Abstract, originally published in Epilepsy & Behavior
Stress is the body’s reaction to any change that requires adaptive responses. In various organisms, stress is a seizure-related comorbidity. Despite the exposure to stressors eliciting aversive behaviors in zebrafish, there are no data showing whether stress potentiates epileptic seizures in this species.
Here, we investigated whether a previous exposure to an intense acute stressor positively modulates the susceptibility to seizures in pentylenetetrazole (PTZ)-challenged zebrafish.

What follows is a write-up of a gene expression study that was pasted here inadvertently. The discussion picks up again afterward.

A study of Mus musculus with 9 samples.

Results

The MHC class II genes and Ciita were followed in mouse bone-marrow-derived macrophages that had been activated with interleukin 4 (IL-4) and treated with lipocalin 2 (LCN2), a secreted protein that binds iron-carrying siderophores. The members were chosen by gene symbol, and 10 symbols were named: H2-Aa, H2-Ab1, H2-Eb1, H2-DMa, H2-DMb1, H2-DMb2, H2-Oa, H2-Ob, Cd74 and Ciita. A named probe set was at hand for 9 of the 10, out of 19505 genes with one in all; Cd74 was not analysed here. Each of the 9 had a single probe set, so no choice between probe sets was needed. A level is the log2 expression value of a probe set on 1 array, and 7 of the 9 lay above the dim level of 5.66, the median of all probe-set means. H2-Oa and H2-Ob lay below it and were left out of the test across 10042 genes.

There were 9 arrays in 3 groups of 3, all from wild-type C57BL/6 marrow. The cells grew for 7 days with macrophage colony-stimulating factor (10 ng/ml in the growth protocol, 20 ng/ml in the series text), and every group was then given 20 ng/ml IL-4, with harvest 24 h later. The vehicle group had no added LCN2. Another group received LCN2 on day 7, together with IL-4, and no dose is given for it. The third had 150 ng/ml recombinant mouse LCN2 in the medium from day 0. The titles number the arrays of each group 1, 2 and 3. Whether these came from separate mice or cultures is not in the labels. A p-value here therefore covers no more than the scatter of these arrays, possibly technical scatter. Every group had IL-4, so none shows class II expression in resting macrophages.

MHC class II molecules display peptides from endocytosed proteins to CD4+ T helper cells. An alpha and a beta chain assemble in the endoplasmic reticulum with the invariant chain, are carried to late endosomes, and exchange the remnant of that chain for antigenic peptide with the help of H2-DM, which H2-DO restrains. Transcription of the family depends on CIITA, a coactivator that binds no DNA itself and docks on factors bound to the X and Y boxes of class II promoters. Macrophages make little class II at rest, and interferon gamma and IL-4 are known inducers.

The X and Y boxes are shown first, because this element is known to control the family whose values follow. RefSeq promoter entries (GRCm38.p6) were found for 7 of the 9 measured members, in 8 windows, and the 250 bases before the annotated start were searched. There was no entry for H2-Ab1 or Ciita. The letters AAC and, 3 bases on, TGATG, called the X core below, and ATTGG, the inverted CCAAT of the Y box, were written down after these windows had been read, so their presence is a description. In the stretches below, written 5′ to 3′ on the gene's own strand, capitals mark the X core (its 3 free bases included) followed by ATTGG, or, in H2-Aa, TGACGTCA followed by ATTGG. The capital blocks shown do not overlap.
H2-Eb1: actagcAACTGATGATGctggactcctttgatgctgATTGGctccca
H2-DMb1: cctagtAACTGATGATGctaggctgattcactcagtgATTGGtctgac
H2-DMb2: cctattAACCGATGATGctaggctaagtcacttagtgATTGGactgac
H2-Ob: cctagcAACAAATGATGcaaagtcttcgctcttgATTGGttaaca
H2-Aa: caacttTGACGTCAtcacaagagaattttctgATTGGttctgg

The conspecific alarm substance (CAS) was used to elicit aversive responses (3.5 mL/L for 5 min), observed by increased bottom dwelling and erratic movements. Then, fish were immediately exposed to 7.5 mM PTZ for 10 min to induce seizure-like behaviors. Stress increased the seizure intensity, the number of clonic-like seizure behaviors (score 4), as well as facilitated the occurrence of score 4 episodes by decreasing the latency in which fish reached the score 4. Moreover, fish with heightened anxiety showed increased susceptibility to PTZ, since positive correlations between anxiety- and seizure-like behaviors were found. Overall, since CAS also increased whole-body cortisol levels in zebra fish, our novel findings show a prominent response to PTZ-induced seizures in previously stressed zebrafish. Moreover, we reinforce the growing utility of zebrafish models to assess seizure-related comorbidities aiming to elucidate how stress can affect epileptic seizures in vertebrates.